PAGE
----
Dom (dcode)
Web Developer from Australia that runs the YouTube Channel 'dcode'!
・2 min read

The JavaScript console is a useful tool when developing front-end or server-side applications. In this post, I'll be going over 5 features of the console which I hoped I knew earlier.

YouTube Video

I've created a video detailing these features on my YouTube channel, dcode.

If you enjoy, subscribe and check out my other 500+ videos on programming and web development 🙂

1. Console Groups

With the console.group() function, you can create collapsible groups in the console to group and name your output.

Code

console.group("Person Data");
console.log("Name: Dom");
console.log("Age: 32");
console.groupEnd();
console.log("Outside of the group...");

Console Groups

2. Live Expressions

Available in the Google Chrome Developer Console is the Live Expression feature, which allows you to input a JavaScript expression and receive live updates on it's value.

These are great for keeping track of variables as you debug, such as X, Y values or the state of the application.

How To Use

Live Expressions

3. Timing Your Code

With the console.time() function, you're able to benchmark and time your code. For example, the code below will output how long it took to add 10,000 <h5> tags to the page.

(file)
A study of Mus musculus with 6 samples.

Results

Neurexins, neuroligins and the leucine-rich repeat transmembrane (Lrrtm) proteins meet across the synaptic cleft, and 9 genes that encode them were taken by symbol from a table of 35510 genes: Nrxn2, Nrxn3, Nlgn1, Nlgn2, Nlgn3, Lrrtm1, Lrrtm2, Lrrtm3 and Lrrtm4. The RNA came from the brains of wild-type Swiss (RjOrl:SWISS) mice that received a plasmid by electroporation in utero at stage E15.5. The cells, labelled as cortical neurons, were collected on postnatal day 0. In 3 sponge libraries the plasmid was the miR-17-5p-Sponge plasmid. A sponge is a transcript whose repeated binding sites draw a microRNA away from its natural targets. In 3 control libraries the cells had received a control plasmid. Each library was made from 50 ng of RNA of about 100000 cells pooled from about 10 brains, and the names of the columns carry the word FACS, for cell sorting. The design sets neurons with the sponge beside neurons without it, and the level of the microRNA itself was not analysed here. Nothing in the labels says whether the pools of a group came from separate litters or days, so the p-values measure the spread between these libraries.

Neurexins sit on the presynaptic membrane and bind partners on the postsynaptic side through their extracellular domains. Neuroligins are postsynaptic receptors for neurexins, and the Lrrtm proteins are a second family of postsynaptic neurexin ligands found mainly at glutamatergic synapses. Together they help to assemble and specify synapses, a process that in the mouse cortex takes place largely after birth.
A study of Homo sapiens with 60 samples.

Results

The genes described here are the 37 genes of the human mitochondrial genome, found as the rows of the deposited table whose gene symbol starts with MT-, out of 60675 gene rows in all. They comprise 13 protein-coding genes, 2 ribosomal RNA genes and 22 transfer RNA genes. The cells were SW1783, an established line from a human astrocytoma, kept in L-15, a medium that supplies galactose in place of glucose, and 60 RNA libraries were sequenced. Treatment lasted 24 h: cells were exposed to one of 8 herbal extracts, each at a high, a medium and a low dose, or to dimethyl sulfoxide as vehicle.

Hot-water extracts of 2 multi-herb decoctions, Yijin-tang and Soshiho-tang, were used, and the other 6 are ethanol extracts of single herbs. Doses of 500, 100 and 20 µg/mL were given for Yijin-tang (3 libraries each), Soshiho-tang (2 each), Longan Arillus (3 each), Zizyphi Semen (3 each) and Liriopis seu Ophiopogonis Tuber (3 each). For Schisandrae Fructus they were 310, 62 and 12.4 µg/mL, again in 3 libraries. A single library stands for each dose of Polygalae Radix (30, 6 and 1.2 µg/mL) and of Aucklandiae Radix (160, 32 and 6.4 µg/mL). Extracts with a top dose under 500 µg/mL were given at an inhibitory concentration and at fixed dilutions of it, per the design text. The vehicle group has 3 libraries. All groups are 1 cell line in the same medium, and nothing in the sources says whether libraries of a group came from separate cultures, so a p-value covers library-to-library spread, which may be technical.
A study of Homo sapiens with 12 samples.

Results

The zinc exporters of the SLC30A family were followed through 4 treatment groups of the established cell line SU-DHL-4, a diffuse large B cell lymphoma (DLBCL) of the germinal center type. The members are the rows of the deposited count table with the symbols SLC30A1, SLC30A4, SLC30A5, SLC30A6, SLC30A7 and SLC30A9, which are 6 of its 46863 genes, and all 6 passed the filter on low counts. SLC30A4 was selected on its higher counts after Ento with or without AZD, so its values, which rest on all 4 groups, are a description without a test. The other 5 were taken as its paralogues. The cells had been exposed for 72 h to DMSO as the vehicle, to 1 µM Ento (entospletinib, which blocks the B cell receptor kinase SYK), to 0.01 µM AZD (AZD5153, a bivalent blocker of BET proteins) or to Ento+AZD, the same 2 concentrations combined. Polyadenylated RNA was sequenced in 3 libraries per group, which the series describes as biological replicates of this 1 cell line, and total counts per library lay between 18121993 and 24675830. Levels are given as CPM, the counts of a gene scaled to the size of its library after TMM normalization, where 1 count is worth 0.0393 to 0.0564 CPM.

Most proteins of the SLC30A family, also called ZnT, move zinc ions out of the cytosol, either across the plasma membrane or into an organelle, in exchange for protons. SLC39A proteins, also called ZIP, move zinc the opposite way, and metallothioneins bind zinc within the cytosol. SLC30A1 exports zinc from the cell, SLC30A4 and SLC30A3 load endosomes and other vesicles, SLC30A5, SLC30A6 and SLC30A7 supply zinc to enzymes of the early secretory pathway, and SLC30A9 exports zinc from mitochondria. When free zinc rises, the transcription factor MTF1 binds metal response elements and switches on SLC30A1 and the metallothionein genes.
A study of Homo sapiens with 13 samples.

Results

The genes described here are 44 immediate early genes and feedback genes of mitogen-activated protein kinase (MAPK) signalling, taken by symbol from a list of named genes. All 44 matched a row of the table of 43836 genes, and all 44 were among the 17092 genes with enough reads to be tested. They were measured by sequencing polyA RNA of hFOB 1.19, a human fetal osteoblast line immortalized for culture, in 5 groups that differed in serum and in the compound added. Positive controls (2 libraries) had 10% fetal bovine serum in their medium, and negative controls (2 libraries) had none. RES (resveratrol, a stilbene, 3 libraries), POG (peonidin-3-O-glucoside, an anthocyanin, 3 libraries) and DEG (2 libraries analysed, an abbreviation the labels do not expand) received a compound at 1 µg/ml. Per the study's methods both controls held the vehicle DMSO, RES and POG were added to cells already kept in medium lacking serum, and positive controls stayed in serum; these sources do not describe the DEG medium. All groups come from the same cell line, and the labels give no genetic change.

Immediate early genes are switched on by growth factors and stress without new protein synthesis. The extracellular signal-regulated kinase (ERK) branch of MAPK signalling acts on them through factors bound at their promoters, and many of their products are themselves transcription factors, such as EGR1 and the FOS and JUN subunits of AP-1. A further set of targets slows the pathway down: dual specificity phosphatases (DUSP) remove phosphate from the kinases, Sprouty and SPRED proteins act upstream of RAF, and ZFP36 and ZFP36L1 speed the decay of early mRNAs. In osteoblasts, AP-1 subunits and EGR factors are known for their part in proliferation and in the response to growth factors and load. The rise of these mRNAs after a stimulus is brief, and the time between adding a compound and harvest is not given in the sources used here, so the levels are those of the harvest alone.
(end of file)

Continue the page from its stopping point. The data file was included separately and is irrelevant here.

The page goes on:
Code

console.time("addHeadings");

for (let i = 0; i < 10000; i++) {
    document.body.insertAdjacentHTML("beforeend", "<h5>Heading</h5>");
}

console.timeEnd("addHeadings");

Timing Your Code

4. Styling With CSS

Yes, you heard that right. You can use CSS in the JavaScript console. Using the console.log() function and multiple arguments, you can add CSS rules to the text.

By using %c in your string, you are saying that any text after it will have the subsequent CSS styles applied.

Code

console.log("I am regular and %cI am boldy blue.", "color: blue; font-weight: bold;");

Styling With CSS

5. Assertions

With the console.assert() function, you can test if your code is doing what you expect it to do, similar to unit tests. If the given expression isn't true, an exception will be thrown.

While the usefulness of this feature is going to vary from developer to developer, it can be used in place of console.log() in many scenarios.

Code

console.assert(true === true);
console.assert(true === false);

Assertions

dcode 📷

If you want to strengthen your web development skills and listen to my voice all day, I recommend taking a look at my YouTube channel, dcode.

I've got hundreds of videos on HTML, CSS & JavaScript which you might enjoy - if you do, consider subscribing! 🧐

dcode

Discussion (1)

lazinessincarnate

Nice article! How could you not include console.table though?!